I live in Santa Monica, and ordinarily I give the city’s Third Street Promenade a wide berth just before Christmas, when cranky holiday shoppers clog the streets and parking is impossible. But this last December my daughter and I walked down to have dinner there. The crowds we had braced for were absent. Instead, we were struck by sparsely used parking structures and stores going down like ninepins, to stand empty or be reborn as offices or luxury condos.
And that was before the coronavirus hit.
I still walk the streets, only now I’m a vision in bank-robber’s face mask and sweaty gloves, my once-stylized haircut rapidly evolving into a fright wig. In the space of three months, COVID-19 has turned the dwindling Promenade into a dead zone: Nothing to see here but boarded-up stores and restaurants valiantly trying to stay afloat with takeout and delivery. Our sidewalks have started to look like outtakes from the 2004 zombie horror comedy “Shaun of the Dead.” I hope the shops and eateries can come back, but I worry.
Long before the virus went viral, the internet and its prime enabler, the smartphone, were already thinning our street life or rendering it so hostile we might wish we’d stayed home. Shopping, once a sociable activity that came bundled with lunches out and chit-chats that connected us to family, friends and strangers from different backgrounds, migrated online. I saw it in the packages, now stacked in ever-higher piles in the lobby of my apartment building, mostly home to young working women living four or more to an apartment since the city dismantled rent control. I used to wonder when even the local farmers’ markets would start to offer home delivery. It’s no longer a fantasy.
Once the crisis passes, these trends will accelerate madly as businesses fail or remain online only. Reluctantly living and working online from my own shelter-in-place, I wonder whether my boomer generation — now voicing anxiety on social media about not being able to see the faces of passersby through their masks — is taking the shrinkage in face-to-face contact harder than millennials or Gen Z. We oldsters worry about surrendering our sidewalks to people like the older white man who, in the middle of a busy intersection during rush hour, jabbed his finger at me excitedly and yelled, “A white person! I haven’t seen a white person in three months!” I briefly considered shouting back, “Jewish actually, sir,” but my college-aged daughter saw it coming and placed a restraining hand on my arm.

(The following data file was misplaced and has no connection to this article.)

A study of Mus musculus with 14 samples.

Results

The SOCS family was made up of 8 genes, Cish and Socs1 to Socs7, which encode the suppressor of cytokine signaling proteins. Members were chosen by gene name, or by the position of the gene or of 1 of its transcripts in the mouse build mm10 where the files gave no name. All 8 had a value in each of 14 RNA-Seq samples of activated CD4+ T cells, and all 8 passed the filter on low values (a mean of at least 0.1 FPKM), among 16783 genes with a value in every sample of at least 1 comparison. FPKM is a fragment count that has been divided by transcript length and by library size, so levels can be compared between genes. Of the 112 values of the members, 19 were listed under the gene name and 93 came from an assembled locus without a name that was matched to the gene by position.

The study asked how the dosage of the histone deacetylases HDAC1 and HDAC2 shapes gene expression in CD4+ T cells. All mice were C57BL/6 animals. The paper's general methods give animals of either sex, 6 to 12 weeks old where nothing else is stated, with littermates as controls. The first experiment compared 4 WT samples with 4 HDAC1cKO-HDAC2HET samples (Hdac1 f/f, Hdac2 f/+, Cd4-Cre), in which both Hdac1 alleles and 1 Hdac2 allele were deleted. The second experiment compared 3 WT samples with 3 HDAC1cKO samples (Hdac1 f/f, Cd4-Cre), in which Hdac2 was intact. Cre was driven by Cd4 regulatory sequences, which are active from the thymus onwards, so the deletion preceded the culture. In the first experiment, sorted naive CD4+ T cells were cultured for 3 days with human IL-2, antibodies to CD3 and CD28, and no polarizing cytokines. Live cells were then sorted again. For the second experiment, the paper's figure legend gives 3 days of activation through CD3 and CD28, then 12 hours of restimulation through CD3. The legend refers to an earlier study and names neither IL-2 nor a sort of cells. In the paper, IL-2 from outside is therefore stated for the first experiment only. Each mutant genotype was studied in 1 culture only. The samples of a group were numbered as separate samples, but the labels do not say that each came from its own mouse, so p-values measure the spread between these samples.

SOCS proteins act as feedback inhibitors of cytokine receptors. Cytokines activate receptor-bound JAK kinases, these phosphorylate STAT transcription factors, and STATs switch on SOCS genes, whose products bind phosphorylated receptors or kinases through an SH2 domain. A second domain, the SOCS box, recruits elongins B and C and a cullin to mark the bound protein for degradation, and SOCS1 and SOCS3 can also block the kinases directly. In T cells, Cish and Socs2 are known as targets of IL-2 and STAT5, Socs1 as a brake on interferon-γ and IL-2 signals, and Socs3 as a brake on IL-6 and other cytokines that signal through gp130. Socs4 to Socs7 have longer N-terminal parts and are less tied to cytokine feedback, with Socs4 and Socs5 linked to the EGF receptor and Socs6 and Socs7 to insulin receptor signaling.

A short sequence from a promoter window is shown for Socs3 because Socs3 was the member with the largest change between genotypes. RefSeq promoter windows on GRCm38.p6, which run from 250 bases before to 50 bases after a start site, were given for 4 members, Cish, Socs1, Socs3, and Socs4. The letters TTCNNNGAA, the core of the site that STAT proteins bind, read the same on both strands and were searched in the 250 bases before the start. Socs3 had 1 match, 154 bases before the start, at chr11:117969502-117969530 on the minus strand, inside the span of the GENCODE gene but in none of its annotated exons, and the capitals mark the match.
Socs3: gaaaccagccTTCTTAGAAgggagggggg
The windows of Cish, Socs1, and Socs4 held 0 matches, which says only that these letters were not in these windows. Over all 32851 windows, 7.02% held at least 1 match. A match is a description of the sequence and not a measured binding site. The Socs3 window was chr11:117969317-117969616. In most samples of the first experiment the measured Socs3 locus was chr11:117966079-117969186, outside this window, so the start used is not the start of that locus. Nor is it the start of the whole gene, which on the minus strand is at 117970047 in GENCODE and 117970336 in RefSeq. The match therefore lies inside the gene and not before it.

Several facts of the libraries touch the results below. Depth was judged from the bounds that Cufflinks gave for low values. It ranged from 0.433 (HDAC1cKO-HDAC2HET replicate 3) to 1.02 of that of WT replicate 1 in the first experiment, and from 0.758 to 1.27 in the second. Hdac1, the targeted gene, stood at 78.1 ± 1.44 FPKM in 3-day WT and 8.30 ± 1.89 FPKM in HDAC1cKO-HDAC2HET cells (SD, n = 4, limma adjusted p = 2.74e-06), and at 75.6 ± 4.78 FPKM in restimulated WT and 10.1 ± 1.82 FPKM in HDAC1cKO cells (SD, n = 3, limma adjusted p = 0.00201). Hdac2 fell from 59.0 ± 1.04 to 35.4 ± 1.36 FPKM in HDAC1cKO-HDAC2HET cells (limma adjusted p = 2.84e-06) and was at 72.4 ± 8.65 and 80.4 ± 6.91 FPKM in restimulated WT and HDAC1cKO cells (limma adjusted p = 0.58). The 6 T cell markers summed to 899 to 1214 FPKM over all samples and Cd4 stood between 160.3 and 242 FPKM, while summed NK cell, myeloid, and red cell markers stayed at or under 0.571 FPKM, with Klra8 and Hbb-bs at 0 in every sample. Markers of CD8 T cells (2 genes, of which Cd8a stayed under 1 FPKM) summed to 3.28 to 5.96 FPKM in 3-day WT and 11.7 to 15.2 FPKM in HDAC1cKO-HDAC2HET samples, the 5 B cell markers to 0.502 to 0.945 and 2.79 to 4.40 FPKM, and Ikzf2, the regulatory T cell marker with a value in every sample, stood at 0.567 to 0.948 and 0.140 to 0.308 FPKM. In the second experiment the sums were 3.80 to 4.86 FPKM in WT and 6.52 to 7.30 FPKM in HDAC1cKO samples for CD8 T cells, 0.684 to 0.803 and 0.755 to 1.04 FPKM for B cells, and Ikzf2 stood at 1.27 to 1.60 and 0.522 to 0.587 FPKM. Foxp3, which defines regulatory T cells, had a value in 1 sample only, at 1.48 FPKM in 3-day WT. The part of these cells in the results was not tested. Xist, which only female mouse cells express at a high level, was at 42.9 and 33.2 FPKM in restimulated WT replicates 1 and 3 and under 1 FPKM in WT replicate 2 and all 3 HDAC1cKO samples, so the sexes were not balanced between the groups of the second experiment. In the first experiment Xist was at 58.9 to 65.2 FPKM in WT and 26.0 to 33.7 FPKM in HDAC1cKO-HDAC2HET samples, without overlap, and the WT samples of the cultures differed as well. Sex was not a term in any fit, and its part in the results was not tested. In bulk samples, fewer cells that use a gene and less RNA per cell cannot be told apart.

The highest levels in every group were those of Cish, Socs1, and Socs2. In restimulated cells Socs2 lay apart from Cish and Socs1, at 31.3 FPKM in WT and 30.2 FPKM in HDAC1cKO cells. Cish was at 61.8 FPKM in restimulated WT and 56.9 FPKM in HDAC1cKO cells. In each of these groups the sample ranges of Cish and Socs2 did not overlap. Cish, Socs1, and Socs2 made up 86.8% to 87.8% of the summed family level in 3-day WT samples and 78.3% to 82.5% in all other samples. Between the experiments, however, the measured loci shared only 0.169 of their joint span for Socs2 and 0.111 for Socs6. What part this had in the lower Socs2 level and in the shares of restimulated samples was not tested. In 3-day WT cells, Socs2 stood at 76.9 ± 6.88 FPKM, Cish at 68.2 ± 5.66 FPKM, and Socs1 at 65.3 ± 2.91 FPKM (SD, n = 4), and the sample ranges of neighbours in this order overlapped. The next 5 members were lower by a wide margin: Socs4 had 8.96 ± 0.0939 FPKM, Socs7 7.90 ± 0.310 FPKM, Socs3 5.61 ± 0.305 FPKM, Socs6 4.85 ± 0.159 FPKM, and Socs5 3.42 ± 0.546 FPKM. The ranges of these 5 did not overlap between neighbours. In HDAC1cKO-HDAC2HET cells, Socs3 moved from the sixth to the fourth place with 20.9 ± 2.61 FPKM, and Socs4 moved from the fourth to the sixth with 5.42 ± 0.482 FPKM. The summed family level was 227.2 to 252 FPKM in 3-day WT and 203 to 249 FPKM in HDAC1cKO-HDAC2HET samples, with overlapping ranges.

Her generation will take the brunt of the economic collapse that will follow this catastrophe. Yet for all the statistics of rising student anxiety and depression, at USC, where I teach part-time, my students remain remarkably unfazed and cheery. Unlike me, they navigated with serene competence to our first Zoom class and stepped up heroically for class discussion, some of them in pajamas, others munching lethal-looking foodstuffs from cereal bowls. One young woman piped up contentedly, “Professor Taylor, I’m in bed!” To which I could only respond, “I see that.”
Yet we humans, young and old, are sociable animals, and there is at least a possibility that this global threat will help us think twice about the atomization that bogged us down in mutual estrangement and its attendant displays of public rage before COVID-19. Inventive innovation, wit, and unexpected alliances have rushed in to bolster community and public spirit. A friend of a friend made and mailed me a pair of cloth face masks and, in lieu of payment, asked me to donate to a food bank. The newlyweds next door put six toilet paper rolls on a decorative Easter display out in the lobby for anyone to claim instead of eggs. When I asked my other neighbor, a heroic ER nurse who’s probably all of 25 years old, if he wouldn’t mind putting his work shoes on the balcony instead of outside my door, he texted back: Absolutely, and please know that I change my clothes in the car when I leave work, and may I shop for groceries for you, and I’m leaving you surgical masks outside your door.
Now we’re texting pals, I’m his DVD supplier, and I have two words for anyone who slags off young people in my presence: OK, boomer.
Before the current plague sent us indoors, to go out on foot was to risk getting knocked over by smartphone junkies who lumbered around the sidewalks, bellowing into devices or surfing the net as they abdicated responsibility for avoiding collision. Some still do that; more often, though, I now see people offering friendly nods and smiles or fleeting chats in the streets. “Nothing personal!” a smiling jogger sings out as he executes a wide circle around me when I’m out for my daily constitutional. Soon we’ll be dating.
If there’s one thing the pandemic and our current cultural-political standoff have taught us, it’s that democracy and civil society are not things we can take for granted, expecting them to sustain themselves. They need to be fed and watered, revised and renewed daily, face to face, at the grassroots.
Here’s an idea we can implement now, even before restrictions are lifted: Put your phone away on the street during your daily walks and talk to strangers, at a safe distance through your mask, about anything, politics included. And when this is all over, keep doing it. It’s so much easier to listen and remain civil when you’re face to face.
As a British expat who grew up on stony stares on the London Underground, I’ve always been thrilled by Americans’ friendly openness to the random encounter. Let’s not throw that away.
Ella Taylor is a film critic for npr.org, the Criterion Collection and others, and an adjunct professor in the School of Cinematic Arts at the University of Southern California.